Credit:  By John Funk, The Plain Dealer | www.cleveland.com 22 May 2012 ~~

The development company formed to build a pilot wind farm in Lake Erie is switching to smaller, more efficient turbines, a move that could make the project more practical.

The idea is to whittle down the construction cost in order to produce electricity that can be sold to utilities at a price closer to wholesale prices – or at least closer to price of power from land-based wind turbines, said Lorry Wagner, president of the nonprofit Lake Erie Energy Development Corp., or LEEDCo.

The project, first proposed in 2010, bogged down because utilities found the power too expensive. Supporters hope cheaper power will jumpstart the effort.

Gone are the gargantuan General Electric turbines that would have required equally extraordinary foundations and very large, specially built construction barges to put up the towers.

Each of five GE turbines would have generated up to 4 megawatts of electricity. But the cost of the power would have been close to 30 cents per kilowatt hour – or five times as expensive as current wholesale prices.

LEEDCo hopes to cut that rate in half, still more expensive than the 8 to 10 cents of land-based turbines and the average wholesale price of 6 cents for power generated traditionally.

In place of the 240-ton GE machine, LEEDCo proposes to use 70-ton turbines designed by the wind division of Siemens Energy, a German engineering company with several U.S. wind turbine manufacturing sites.

The relative light weight of the turbines means that less costly foundations would be required and existing construction barges would be able to handle the project.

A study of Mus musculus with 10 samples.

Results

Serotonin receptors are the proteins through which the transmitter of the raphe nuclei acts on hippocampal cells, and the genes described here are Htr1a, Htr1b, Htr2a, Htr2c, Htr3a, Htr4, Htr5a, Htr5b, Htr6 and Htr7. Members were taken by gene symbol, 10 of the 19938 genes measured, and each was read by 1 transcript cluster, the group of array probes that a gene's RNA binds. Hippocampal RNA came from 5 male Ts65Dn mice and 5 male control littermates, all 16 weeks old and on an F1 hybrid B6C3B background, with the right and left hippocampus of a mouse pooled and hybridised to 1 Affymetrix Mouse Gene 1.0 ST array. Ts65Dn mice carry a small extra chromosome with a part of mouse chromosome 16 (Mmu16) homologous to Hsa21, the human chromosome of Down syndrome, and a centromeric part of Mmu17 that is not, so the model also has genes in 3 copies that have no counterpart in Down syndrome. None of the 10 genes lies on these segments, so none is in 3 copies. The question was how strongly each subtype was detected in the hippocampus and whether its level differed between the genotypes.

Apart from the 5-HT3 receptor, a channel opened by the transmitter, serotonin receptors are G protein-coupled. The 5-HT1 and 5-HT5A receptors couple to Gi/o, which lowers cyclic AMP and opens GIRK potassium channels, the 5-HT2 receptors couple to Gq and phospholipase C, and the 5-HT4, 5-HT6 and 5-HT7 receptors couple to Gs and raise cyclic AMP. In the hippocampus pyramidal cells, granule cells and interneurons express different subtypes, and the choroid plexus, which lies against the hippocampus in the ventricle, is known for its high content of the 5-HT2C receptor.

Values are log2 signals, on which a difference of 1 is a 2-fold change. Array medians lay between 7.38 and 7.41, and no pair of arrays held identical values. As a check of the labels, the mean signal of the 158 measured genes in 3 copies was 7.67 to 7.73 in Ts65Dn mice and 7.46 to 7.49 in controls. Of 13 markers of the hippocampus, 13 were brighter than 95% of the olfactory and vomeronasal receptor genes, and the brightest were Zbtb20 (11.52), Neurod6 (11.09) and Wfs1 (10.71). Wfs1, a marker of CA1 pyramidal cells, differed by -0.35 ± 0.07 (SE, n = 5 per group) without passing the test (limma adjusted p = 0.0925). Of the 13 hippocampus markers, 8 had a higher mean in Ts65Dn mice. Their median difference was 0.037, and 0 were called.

As before, the long-term goal of the project is economic development. LEEDCo hopes ultimatley to place hundreds of turbines in the Lake, manufactured here by Siemens.

Although the towers for the pilot project would be fabricated locally, Siemens would make the turbines in Kansas and the blades in Iowa, Wagner said.

“Siemens has been very interested in assisting us. They have each of the Great Lakes planned out, and they have created a business plan,” Wagner said. “They realize they have to partner with local industry and develop a local supply chain.”

In addition to the informal relationship LEEDCo has developed with Siemens, the organization also has drawn the attention of DNV KEMA Energy and Sustainability, an electrical engineering company headquartered in the Netherlands with offices in 30 countries.

“We have been involved in every off-shore wind project in the world. There are over 50 right now,” said Richard Polich, an engineer with the company who is based in Burlington, Mass., and doing work for LEEDCo.

Wagner also is working informally with a Esa Eranti, founder of Eranti Engineering Oy of Finland, and a world expert on seabed turbine foundations.

The cost of the project would still be about $100 million, but that money would buy as many as nine 3-megawatt Siemens turbines that would be installed by local contractors, Wagner said.

They would generate a total of 27 megawatts. One megawatt is enough power for 800 to 1,000 homes.

The turbines would be erected on a 4-square-mile parcel of lake bottom about 7 miles northwest of Cleveland Browns Stadium.

Financing for the project depends largely on LEEDCo and Case Western Reserve University winning $50 million from a $180 million grant the U.S. Department of Energy is making available for offshore wind projects. The application deadline is next week for the first award, $5 million, mostly for engineering research and development.

A Siemens spokeswoman had no immediate comment on the company’s interest in the Lake Erie project.

Source:  By John Funk, The Plain Dealer | www.cleveland.com 22 May 2012

This article is the work of the source indicated. Any opinions expressed in it are not necessarily those of National Wind Watch.

The copyright of this article resides with the author or publisher indicated. As part of its noncommercial effort to present the environmental, social, scientific, and economic issues of large-scale wind power development to a global audience seeking such information, National Wind Watch endeavors to observe “fair use” as provided for in section 107 of U.S. Copyright Law and similar “fair dealing” provisions of the copyright laws of other nations. Send requests to excerpt, general inquiries, and comments via e-mail.